Aptitude Research’s latest report on the state of programmatic job advertising has a clear and defined message: stop using traditional job advertising. “It’s expensive, inefficient and, at times, ineffective”, it says. “Recruiters must manually negotiate, purchase and monitor their advertising with different job sites. And the only way to increase their online presence is by spending more, but that comes without a guarantee that they will reach the right candidates.”
An average of 40% of job advertising expenditure is wasted due to not adopting a programmatic model.
Moreover, according to the company’s research, an average of 40% of job advertising expenditure is wasted due to not adopting a programmatic model. But before we delve into possible benefits and pitfalls of programmatic advertising: we first need to answer a question that has long been answered by those working in a marketing sphere: what is it?
Programmatic advertising: a short history
The rise of programmatic advertising came paired with the entrance into a new era: the internet era. Three years after the launch of the World Wide Web, the first ever online ad banner was created by HotWired.com (now: Wired Magazine). As the downfall of print began — advertisers had the same simple desire to reach an audience. But rather than taking up space in a magazine, sales departments were busy selling space online.
But it didn’t move that fast to begin with, as the available ad space long outlasted the number of people willing to advertise. In an attempt to bridge the gap between supply and demand, ad networks were created. They were, in essence, platforms that pooled unsold ad space to advertisers at a discounted rate. It became the ultimate online bargain bin, but without any idea for those doing the bidding whether their ad would reach the right audience.
Think of the last time you went to a website to buy organic cat food for your Bella, but didn’t make a purchase. Then, on your next internet adventure, their ads are everywhere.
That’s where and when programmatic advertising first began. In an attempt to persuade former visitors of websites or new audiences to buy a product, companies are essentially involved in a Real-Time Bidding (RTB) war for ad space. Think of the last time you went to a website to buy organic cat food for your Bella, but didn’t make a purchase. Then, on your next internet adventure, their ads are everywhere. That’s the main form (90%) of automated, programmatic advertising.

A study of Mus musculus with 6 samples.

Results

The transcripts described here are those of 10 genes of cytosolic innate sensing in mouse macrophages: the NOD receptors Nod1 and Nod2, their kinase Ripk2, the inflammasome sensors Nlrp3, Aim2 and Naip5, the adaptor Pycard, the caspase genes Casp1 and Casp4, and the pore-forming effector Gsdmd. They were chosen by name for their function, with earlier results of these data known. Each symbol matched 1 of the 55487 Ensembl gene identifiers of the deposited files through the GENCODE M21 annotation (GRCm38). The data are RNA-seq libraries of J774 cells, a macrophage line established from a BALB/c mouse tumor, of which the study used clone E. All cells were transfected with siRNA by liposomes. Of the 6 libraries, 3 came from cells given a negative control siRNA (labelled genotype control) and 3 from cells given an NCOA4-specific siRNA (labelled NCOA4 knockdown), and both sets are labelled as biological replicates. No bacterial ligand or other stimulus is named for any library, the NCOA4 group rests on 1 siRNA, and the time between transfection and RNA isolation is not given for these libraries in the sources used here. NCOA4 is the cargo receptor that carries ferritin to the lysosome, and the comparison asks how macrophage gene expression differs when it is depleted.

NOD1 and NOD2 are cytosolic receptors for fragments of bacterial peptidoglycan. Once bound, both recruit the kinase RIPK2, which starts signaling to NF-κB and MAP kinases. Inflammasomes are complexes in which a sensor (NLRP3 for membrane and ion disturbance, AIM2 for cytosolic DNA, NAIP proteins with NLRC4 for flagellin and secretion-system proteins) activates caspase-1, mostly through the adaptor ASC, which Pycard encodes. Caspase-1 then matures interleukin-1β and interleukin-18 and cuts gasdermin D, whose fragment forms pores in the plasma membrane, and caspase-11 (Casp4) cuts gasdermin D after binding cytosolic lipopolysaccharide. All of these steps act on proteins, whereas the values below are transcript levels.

‘A disconnect in TA’
To avoid a lengthy history lesson: in the years ever since, marketing and sales teams have flocked towards a concept wherein they don’t have to handpick every online banner — while talent acquisition has been slow to respond. Aptitude Research’s founder Madeline Laurano, recently spoke to podcasting heroes Chad Sowash and Joel Cheesman about why that’s a problem moving forward.
“We don’t talk about it in the same way in talent acquisition. We focus on what it costs, rather than what it saves.”
“It is a core component in marketing, but a separate item in TA”, Laurano told Chad & Cheese. “That’s the first piece: the fact that it is not integrated in our TA strategy. The other piece is that marketing does a good job of showing its value. They deem it a cost-saving solution, and we don’t talk about it in the same way in talent acquisition. We focus on what it costs, rather than what it saves. There’s a clear disconnect there.”
‘Use marketing as a role model’
For recruiting purposes, programmatic advertising reduces the complexity, as Aptitude Research points out. Essentially, it provides a centralised platform to manage to your ad spend. With the usage of predictive analytics, historical data and information supplied by job seekers, it ensures that jobs are automatically distributed to the sites with the right audience, and the best chance of success.
“To me, traditional advertising is the out-of-control model. It has no visibility, and when it doesn’t work, you have to spend more.”
Subsequently, performance is monitored and optimised in real-time to make sure that companies hit their goals, the research adds. “Companies that start using it, don’t go back to traditional advertising”, Laurano said. “The next point is about the loss of control — if they’re going to programmatic, then they say: ‘we lose control’. To me, traditional advertising is the out-of-control model. It has no visibility, and when it doesn’t work, you have to spend more.”
“We found a big increase in job views, traffic to the site — all traditional advertising metrics — when using programmatic advertising.”
While 70% of Aptitude Research’s TA respondents stated that their own marketing teams use it, 63% said they aren’t working together with them. Above all — Laurano sees an opportunity for TA and marketing teams to work together. “They can benefit from seeing how marketing has done this, and use it as a role model”, she said. “It’s no longer a business case, it’s part of what they do. We found a big increase in job views, traffic to the site — all traditional advertising metrics — when using programmatic advertising.”